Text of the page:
We made it home after a wonderful, whirlwind trip to Colorado, and I managed to not even take one majestic mountain photo for you. I didn’t bring my (heavy) SRL Canon with me, thinking that our point-and-shoot would do the job. With two little ones, two carry-ons, one suitcase bursting with clothes, and another sagging with 50 pounds of books, this seemed like a magnificent compromise in the airport. However, the moment we got into our rental car and wound into Turkey Creek Canyon, I longed for my camera. Even more so when our point-and-shoot charger failed us. Fortunately others have recorded bits and pieces of the book events, as evidenced above. That’s me in Boulder presenting at the Center of the American West, courtesy of Allen Best.
Both events were such magical nights that I’m afraid I can’t do them justice. I was honored to share the stage with such a number of distinguished and entertaining readers. If ever I need to produce an audio book, I know some folks who I will call first. The event in Salida, which I somehow managed to plan and execute, was crowded and hummed with an almost palpable electricity. I talked to more people than I usually see in a month, many of whom I’ve known my entire life. And I loved every single second of it. I can’t believe what a beautiful, generous town I grew up in.
And then to speak and then read on the stage with the likes of historian Patty Limerick, Colorado Supreme Court Justice Gregory Hobbs, former High Country News publishers Ed and Betsy Marston, Denver City Auditor Dennis Gallagher, and so many more at the Center of the American West on my dad’s birthday was such a true honor that I haven’t quite digested it even more than a week later. Afterward I got to spend a couple of days with my almost eighty-two year old grandma and see all of the cousins who I played with for weeks out of every summer as a kid, as well as their big, beautiful families.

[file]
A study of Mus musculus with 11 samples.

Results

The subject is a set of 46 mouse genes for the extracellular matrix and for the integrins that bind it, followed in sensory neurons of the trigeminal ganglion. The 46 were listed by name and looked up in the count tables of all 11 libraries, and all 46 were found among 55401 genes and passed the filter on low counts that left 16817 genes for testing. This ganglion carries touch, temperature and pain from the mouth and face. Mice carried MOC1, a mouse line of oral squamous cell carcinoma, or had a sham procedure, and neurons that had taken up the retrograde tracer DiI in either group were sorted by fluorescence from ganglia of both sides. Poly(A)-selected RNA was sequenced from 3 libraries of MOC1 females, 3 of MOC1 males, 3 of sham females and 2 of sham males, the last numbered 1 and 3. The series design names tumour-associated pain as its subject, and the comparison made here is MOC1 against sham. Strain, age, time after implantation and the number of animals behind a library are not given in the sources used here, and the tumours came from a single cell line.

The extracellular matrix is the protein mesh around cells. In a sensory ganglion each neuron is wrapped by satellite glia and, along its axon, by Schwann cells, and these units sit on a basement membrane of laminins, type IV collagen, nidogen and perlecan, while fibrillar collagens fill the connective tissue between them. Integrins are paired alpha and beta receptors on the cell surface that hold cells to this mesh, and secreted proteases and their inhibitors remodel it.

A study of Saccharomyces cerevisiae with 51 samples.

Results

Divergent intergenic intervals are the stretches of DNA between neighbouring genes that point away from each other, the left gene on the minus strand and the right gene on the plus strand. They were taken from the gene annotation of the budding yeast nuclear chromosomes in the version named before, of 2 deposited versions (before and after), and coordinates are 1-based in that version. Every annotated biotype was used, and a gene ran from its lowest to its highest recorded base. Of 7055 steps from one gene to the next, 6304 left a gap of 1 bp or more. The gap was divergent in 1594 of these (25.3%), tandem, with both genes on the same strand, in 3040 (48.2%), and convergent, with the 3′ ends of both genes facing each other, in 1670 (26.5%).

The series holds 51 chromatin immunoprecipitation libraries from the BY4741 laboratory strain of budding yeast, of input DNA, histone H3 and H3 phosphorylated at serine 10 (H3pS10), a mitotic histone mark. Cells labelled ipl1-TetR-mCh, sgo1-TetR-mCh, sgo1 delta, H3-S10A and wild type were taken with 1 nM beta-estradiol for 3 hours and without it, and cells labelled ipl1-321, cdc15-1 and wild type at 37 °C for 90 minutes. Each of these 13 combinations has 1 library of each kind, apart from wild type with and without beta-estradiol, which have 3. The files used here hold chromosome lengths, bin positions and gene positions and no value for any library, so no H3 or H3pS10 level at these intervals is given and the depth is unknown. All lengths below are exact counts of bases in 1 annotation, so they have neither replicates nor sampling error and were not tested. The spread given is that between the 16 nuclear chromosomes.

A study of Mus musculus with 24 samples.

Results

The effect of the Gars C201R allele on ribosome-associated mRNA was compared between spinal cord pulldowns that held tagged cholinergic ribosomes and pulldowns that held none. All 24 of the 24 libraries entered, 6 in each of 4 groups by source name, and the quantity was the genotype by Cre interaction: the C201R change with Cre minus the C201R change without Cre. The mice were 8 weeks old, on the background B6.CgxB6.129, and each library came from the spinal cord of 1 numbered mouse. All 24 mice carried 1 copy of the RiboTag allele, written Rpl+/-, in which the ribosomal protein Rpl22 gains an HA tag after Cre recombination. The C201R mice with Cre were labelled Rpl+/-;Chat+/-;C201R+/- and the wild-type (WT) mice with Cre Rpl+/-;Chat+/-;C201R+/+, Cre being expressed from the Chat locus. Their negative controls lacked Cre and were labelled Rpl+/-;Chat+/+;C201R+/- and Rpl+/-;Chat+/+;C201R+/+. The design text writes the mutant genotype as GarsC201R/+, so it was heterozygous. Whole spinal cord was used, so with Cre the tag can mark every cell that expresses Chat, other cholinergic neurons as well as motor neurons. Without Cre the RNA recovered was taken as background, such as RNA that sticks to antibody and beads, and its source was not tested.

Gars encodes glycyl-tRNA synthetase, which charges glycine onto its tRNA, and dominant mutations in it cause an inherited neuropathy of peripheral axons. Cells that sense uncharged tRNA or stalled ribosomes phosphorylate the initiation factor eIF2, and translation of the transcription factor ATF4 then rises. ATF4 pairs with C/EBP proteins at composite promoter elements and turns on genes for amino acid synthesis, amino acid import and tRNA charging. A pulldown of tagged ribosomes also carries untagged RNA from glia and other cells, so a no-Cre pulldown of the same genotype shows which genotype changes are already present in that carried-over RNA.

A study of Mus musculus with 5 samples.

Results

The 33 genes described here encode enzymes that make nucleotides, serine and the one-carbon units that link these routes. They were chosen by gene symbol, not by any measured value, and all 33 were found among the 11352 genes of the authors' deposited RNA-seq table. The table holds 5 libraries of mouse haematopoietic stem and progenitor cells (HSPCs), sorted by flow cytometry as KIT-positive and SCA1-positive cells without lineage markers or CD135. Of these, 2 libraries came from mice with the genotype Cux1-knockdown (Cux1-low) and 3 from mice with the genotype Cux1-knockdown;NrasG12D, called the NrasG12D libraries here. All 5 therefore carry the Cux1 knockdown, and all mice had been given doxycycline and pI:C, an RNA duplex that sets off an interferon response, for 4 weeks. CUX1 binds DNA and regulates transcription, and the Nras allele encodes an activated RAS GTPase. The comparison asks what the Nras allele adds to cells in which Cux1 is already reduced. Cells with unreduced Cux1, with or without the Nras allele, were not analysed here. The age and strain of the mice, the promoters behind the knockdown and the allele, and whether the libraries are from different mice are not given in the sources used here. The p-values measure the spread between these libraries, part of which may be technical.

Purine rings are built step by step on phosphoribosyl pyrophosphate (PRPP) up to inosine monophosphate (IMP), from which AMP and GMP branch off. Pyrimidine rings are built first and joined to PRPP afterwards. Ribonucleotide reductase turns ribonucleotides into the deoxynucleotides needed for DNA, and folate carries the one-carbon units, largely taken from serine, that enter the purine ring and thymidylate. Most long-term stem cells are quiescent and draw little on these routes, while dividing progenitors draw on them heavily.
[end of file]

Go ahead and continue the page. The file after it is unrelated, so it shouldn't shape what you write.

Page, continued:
And to top it all off, I went to the Colorado Public Radio studio in Centennial, where a plate-glass window revealed the Front Range aglow in sunshine, and talked with Ryan Warner about my dad and the book. You can hear that interview here.
Now, we’re home, and I find myself in that dazed, but slightly frenzied state that descends after a big project is done, when a million ideas for what’s next start churning and you’re not sure which one to pluck out. I’m both missing Colorado and all of the excitement of last week and enjoying the quiet, calm rhythms of home. It helps somehow that the normally soggy Oregon weather has turned Colorado-like — icy and sunny, with bare bone branches twisting into blue sky.
I was taken aback for a moment at both events when I saw the speakers’ copies I’d sent out weeks ago, now with notes scrawled in margins, multicolored post-its jutting from pages, covers bent back. It is theirs now, this book I created that was once just an idea flitting through my mind. Like any long journey, I’ll never be the same as when I set off on it so many months ago, and it feels both glorious and bittersweet to be at the end of it. In some ways, it’s like saying goodbye to my dad all over again, except I feel like I know him just a little bit better after spending this long year with his words.
You can learn more about Deeper into the Heart of the Rockies at edquillen.com/anthology.